What happens if I don't have a Will?
Updated: Jun 1
If you pass away without a Will it is called passing intestate.
So what happens?
It depends on a number of factors. If there are minor children, has the other parent also passed? For your stuff, is there a co-owner? Is there a designated beneficiary that the property is automatically transferred to at your passing?
More than just about your stuff-
A Will is also the document that appoints guardians and conservators for your minor children at your passing. Without a Will appointing a guardian and conservator, the probate judge will do so.
Your worst decision for a guardian and conservator of your minor child is most likely better than the judge’s best decision.
You know your family and children best. Make the decision about who will raise your children if you have passed.
The probate process allows for claims against the estate (debts you owed) and transfers property that you held in your name alone. Your Will is the instructions for how debts are to be paid and what to do with your stuff. Without a Will, the state of Michigan has instructions for you.
The State instructions:
If you do not have a Will the state will divide your property based on a formula centered on those surviving and their relation to you. Notice this is NOT their relationship with you; rather, how you are biologically related.
This list is greatly simplified, for complete information see MCL 700.2102 and MCL 700.2103
If you die with- here’s what happens:
Spouse but no descendants or parents - spouse inherits everything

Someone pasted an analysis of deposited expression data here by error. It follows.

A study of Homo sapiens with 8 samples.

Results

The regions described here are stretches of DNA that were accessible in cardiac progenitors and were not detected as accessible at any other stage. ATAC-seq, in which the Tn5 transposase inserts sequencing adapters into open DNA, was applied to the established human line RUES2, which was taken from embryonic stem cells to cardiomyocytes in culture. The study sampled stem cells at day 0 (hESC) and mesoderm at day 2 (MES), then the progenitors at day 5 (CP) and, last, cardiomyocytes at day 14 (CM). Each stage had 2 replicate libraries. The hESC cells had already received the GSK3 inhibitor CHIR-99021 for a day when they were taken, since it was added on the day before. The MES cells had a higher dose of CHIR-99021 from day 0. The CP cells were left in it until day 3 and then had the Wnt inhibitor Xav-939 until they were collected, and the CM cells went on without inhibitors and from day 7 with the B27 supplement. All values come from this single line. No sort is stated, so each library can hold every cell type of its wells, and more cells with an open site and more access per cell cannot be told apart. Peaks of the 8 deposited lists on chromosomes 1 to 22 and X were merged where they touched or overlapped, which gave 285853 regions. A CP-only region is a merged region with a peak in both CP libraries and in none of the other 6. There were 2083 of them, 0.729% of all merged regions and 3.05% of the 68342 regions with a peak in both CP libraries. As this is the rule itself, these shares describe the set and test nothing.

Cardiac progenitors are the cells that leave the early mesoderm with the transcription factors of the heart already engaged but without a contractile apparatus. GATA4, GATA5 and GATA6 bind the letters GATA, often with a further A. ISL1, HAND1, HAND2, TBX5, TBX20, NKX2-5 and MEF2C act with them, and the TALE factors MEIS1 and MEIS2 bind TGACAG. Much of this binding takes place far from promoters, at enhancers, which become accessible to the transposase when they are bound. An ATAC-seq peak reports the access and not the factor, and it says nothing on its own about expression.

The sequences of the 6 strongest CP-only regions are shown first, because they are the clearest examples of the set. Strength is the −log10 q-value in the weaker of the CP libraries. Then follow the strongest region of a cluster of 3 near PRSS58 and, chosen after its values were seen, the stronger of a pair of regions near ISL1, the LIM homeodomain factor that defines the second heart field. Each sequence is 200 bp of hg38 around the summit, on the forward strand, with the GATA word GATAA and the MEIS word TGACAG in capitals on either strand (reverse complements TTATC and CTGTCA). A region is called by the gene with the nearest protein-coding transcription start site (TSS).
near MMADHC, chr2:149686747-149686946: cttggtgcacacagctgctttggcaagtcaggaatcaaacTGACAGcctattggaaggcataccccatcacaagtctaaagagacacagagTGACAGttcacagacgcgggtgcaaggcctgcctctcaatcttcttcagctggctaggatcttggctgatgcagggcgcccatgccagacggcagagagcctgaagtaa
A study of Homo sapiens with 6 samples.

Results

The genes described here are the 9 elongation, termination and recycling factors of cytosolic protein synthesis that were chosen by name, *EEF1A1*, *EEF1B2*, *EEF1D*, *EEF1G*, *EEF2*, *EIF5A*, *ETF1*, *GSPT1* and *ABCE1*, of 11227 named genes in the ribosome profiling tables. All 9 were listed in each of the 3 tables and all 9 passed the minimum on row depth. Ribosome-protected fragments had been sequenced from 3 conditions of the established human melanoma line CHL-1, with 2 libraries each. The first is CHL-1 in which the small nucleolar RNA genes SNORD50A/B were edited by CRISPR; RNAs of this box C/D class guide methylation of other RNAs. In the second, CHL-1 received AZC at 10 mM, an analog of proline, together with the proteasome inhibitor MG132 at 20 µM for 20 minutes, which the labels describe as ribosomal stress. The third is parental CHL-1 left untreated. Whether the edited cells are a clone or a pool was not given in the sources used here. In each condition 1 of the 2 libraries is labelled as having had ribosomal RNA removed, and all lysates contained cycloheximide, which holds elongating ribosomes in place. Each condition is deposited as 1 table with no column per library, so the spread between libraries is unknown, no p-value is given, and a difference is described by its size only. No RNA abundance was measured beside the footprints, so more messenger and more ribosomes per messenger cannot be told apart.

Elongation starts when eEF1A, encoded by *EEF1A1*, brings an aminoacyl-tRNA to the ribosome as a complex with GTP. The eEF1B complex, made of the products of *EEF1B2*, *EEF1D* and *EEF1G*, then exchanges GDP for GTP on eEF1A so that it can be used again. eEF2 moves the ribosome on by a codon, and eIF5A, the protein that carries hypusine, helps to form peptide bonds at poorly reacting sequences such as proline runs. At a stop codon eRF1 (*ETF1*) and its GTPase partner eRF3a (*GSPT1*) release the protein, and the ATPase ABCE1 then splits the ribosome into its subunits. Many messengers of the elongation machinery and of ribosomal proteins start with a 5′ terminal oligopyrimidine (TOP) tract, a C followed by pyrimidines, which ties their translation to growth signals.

Children but no spouse - children inherit everything
Parents but no spouse or descendants - parents inherit everything
Siblings but no spouse, descendants, or parents - siblings inherit everything
Spouse and parents - spouse inherits the first $150,000 of your intestate property, plus 3/4 of the balance, parents inherit everything else
Spouse and descendants from you and current spouse - spouse inherits the first $150,000 of your intestate property, plus 1/2 of the balance, your descendants inherit everything else
Spouse, at least one descendant from you and current spouse, and at least one descendant from another relationship - spouse inherits the first $150,000 of your intestate property, plus 1/2 of the balance, your descendants inherit everything else
Spouse, no descendants from you and that spouse, and at least one descendant from another relationship - spouse inherits the first $100,000 of your intestate property, plus 1/2 of the balance, descendants inherit everything else.
Potential problems with the State plan:
1. That’s not what I want. The state plan does not consider the complexity of family dynamics, financial stability or maturity.
2. Blended families. Do you have step-children that you love and treat as your own? The state plan does not consider them children and they may be disinherited. (more on this later)
3. Not Married but in a long term relationship. Unmarried partners are not accounted for in the formula, only biological family members. If you want to make sure that your loved one is taken care of a Will and additional steps need to be taken.
4. The State formula does not permit charitable giving.
5. If you are single with no children your stuff is going to your parents or siblings, even if you don’t get along.
An experienced estate planning attorney can help you create a valid Will that appoints guardians and conservators for your minor children, gives instructions for your stuff, as well as advise on how to title assets to avoid probate altogether.
Information in this blog post is not legal advice but general information. Contact an estate planning attorney to implement a plan for you.